Gee aims to regain control

May, 14, 2011

Troy Taormina/US Presswire
Dillon Gee is displeased with the number of baserunners he has allowed via walk and hit batters.
Dillon Gee remains unbeaten this season in seven appearances (four starts). But the replacement for Chris Young in the rotation has felt as though he has now performed poorly in consecutive outings.

The difference between Gee’s start in Houston on Friday and his previous outing against Los Angeles, when he was charged with two runs in 5 1/3 innings? Last time, Gee suggested, he had more good fortune.

Against the Dodgers at Citi Field last week, Gee managed to strand the bases loaded in each of the first two innings in an outing in which he walked three batters and hit two others. This time, while striking out a career-high six batters, the usually controlled-oriented Gee walked four and hit Brett Wallace.

When Ryota Igarashi allowed a pair of inherited runners to score, Gee was charged with four earned runs in five-plus innings, although the Mets rallied for a 6-4 win against the Astros.

Terry Collins suggested maybe Gee’s sizable cheering section at Minute Maid Park played a factor. But Gee, who hails from Cleburne, Texas -- outside of Dallas -- downplayed that alibi.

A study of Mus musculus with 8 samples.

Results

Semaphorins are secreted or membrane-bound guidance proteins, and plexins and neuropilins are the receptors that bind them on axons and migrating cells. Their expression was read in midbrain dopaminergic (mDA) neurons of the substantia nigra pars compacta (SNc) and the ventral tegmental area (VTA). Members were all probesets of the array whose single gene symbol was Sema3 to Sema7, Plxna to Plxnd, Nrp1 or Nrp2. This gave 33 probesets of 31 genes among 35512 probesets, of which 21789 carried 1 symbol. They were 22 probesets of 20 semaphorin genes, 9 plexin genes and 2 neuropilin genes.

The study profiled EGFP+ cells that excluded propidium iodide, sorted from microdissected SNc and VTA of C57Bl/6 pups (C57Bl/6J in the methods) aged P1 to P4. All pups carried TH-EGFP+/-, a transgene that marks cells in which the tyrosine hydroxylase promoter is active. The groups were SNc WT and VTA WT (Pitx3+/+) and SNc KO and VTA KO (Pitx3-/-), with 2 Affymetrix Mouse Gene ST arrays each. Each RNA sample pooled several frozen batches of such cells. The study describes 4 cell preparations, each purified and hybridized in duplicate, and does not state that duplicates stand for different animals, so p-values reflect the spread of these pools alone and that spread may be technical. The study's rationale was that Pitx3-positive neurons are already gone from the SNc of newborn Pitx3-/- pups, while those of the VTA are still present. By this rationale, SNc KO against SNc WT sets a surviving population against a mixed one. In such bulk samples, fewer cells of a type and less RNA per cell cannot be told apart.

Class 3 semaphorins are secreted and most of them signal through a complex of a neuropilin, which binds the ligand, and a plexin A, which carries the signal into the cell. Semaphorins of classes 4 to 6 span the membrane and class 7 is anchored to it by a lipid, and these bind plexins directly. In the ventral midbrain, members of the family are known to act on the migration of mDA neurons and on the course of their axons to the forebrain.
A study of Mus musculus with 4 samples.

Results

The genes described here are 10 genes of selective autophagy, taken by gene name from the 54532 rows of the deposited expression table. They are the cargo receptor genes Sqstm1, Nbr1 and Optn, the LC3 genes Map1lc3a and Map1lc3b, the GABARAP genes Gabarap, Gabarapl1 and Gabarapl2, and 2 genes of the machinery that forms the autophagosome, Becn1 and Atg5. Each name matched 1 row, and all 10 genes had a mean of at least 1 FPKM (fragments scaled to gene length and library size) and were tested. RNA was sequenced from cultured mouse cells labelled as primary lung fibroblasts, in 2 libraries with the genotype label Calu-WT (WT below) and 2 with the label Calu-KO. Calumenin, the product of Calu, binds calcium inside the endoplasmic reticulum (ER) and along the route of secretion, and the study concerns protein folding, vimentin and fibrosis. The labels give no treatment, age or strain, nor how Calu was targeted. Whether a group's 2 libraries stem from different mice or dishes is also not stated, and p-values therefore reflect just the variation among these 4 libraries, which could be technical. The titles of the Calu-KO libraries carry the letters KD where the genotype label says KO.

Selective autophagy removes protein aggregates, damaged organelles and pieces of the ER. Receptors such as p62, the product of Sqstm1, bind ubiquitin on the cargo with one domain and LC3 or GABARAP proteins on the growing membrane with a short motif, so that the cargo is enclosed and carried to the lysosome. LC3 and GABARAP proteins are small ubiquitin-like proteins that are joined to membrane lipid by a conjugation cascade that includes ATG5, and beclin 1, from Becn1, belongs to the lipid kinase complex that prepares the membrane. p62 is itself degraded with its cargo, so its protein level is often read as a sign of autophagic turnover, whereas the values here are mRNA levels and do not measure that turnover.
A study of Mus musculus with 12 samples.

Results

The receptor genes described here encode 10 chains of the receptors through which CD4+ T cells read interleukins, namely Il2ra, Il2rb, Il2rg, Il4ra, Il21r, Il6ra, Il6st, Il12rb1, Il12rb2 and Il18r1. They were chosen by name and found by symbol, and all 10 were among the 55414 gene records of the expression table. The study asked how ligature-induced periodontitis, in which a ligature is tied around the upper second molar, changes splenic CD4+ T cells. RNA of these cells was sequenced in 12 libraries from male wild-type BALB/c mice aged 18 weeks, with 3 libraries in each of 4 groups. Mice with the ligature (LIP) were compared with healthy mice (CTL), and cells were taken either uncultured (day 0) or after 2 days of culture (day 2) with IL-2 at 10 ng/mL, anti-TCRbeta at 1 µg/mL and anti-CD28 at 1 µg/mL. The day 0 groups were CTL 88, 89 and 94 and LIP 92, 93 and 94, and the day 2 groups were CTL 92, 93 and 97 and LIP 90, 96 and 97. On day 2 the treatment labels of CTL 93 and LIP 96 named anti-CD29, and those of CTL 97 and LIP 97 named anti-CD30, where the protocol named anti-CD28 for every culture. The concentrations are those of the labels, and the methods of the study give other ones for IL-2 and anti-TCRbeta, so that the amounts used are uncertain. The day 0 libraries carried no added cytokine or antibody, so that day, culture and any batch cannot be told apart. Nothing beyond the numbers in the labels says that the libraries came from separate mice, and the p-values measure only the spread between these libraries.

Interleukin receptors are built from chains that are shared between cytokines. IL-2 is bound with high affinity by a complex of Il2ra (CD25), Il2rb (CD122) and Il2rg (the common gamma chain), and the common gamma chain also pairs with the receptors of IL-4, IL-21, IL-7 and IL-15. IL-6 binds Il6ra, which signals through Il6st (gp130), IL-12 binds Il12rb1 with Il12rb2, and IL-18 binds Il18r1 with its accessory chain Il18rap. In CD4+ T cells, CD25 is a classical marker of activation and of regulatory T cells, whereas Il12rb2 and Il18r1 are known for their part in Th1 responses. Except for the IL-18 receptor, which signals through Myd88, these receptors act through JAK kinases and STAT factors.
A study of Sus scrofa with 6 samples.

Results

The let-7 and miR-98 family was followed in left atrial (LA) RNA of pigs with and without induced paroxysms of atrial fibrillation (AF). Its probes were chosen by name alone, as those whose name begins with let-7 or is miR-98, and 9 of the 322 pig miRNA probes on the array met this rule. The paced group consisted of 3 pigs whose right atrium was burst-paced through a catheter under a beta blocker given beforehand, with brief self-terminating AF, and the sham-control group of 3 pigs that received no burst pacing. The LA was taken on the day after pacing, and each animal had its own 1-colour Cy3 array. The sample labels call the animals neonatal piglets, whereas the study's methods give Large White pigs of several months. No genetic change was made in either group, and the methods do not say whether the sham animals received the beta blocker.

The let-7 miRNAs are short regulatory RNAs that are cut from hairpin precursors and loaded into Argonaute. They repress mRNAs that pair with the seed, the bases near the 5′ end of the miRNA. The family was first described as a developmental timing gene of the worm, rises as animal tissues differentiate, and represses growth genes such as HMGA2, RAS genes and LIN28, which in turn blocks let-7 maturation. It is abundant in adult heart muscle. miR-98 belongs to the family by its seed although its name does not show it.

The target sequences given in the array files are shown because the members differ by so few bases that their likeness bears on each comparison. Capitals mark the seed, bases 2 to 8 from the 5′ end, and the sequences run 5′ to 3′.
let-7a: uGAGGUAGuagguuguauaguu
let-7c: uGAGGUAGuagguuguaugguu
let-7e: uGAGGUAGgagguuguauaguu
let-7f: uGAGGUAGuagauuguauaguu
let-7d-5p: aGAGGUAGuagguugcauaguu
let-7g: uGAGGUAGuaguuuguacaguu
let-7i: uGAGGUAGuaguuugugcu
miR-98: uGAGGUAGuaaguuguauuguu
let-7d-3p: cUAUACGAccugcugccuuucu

“I’m not going to make any excuses for him, because that’s not the guy we know, but he probably had a 100 people here to see him,” Collins said. “He’s from real close to here. He’s probably got a huge amount of people here. I know he was all amped up. I’m going to cut him a little slack, and hopefully he gets ready for his next start.”

Said Gee: “I don’t think that was really the issue tonight. I’ve just kind of felt bad the last two starts I’ve had. Going back to the last one, I got luckier last time than I did tonight. I just tried to battle through what I was doing out there. I mean, walking four or five guys and hitting a guy is never going to get it done.

“It’s frustrating. My last two outings have been pretty frustrating for me. I’ve got to get back to work in my side sessions and stuff, and try to get the command back. I just feel off right now. … I struggled with the fastball command early on. That’s where it all starts. And the curveball, I just couldn’t throw it for a strike. The one pitch I was throwing for a strike every now and then -- the changeup -- I was throwing way too many of them. So then they started sitting on them.”

Adam Rubin

ESPN Staff Writer
Adam Rubin has covered the Mets since 2003. He's a graduate of Mepham High School on Long Island and the Wharton School of the University of Pennsylvania. He joined ESPNNewYork after spending 10 years at the New York Daily News.